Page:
One of the oldest natural breeds in North America, the Maine Coon is generally regarded as a native of the state of Maine (in fact, the Maine Coon is the official Maine State Cat).
First recorded in cat literature in 1861 with a mention of a black and white cat named ‘Captain Jenks of the Horse Marines,’ Maine Coons were popular competitors at early cat shows in Boston and New York. A brown tabby female named ‘Cosie’ won Best Cat at the 1895 Madison Square Garden Show.
Maine Coons were well established more than a century ago as a hardy, handsome breed of domestic cat, well equipped to survive the hostile New England winters. Nature is not soft-hearted. It selects the biggest, the brightest, the best fighters, and the best hunters to breed successive generations. Planned breedings of Maine Coons are relatively recent. Since planned breeding began, Maine Coon breeders have sought to preserve the Maine Coon’s «natural,» rugged qualities. The ideal Maine Coon is a strong, healthy cat.
Interestingly, the breed closest to the Maine Coon is the Norwegian Forest Cat which, although geographically distant, evolved in much the same climate, and lends credence to the theory that some of the cats responsible for developing the Maine Coon were brought over by the Vikings.
While Maine Coons are highly people-oriented cats, they are not overly-dependent. They do not constantly pester you for attention, but prefer to «hang out» with their owners, investigating whatever activity you’re involved in and «helping» when they can. They are not, as a general rule, known as «lap cats» but as with any personality trait there are a few Maine Coons that prefer laps. Most Maine Coons will stay close by, probably occupying the chair next to yours instead. Maines will follow you from room to room and wait outside a closed door for you to emerge. A Maine Coon will be your companion, your buddy, your pal, but hardly ever your baby.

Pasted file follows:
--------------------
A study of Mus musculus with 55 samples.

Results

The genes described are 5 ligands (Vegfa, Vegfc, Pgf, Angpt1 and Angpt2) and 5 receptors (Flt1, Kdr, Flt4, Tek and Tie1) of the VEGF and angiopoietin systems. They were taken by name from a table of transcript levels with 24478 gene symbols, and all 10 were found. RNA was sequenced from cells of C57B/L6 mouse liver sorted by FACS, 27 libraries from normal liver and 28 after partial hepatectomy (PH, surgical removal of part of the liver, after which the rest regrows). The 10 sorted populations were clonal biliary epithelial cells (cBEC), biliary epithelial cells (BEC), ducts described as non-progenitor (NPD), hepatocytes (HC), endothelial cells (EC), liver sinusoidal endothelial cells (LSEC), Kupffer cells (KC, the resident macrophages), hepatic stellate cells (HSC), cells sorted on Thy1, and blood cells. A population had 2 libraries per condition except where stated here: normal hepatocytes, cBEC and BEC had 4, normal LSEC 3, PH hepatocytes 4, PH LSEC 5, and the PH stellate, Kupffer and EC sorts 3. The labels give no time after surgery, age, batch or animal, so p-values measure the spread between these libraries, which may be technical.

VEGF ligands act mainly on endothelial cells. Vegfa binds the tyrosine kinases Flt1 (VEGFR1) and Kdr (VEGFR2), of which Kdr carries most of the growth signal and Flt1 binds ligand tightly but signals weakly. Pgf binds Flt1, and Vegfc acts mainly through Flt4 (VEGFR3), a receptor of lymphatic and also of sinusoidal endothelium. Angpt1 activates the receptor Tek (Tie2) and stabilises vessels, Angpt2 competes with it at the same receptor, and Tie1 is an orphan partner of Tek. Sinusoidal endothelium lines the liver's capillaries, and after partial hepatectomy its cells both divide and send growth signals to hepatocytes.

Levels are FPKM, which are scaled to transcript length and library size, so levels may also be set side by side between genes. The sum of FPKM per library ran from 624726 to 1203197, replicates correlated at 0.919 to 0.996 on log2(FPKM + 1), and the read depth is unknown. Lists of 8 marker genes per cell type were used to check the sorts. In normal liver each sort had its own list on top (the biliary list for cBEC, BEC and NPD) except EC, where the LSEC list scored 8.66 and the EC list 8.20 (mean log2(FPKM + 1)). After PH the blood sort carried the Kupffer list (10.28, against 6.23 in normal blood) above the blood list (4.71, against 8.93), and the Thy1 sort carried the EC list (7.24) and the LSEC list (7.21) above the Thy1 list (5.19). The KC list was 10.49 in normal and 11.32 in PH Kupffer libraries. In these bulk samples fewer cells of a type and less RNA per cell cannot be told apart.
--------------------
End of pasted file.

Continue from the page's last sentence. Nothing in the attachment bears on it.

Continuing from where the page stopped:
The important features of the Maine Coon are the head and body shape, and the texture and ‘shag’ of the coat. The head is slightly longer than it is wide, presenting a gently concave profile with high cheekbones and ears that are large, wide at the base, moderately pointed, and well tufted inside. They are set well up on the head, approximately an ear’s width apart. Lynx-like tufting on the top of the ears is desirable. The neck should be medium-long, the torso long, and the chest broad. The tail should be at least as long as the torso. One of their most distinctive features is their eyes, which are large, round, expressive, and set a a slightly oblique angle. Overall, the Maine Coon should present the appearance of a well-balanced, rectangular cat.
Throughout their history there has been no restriction on the patterns and colors acceptable, with the exception of the pointed Siamese pattern. As a result, a wide range of colors and patterns are bred. Eye colors for all coat colors range through green, gold, and green-gold. Blue eyes and odd eyes, (one blue and one gold eye) are permissible in white cats. There is no requirement in the Maine Coon Standard of Perfection for particular combinations of coat color and eye color.
Maine Coon owners enjoy the breed’s characteristic clown-like personality, affectionate nature, amusing habits and tricks, willingness to ‘help’ with any activity, and easily groomed coat. They make excellent companions for large, active families that also enjoy having dogs and other animals around. Their hardiness and ease of kittening make them a satisfying first breed for the novice breeder. For owners wishing to show, the Maine Coon has reclaimed its original glory in the show ring.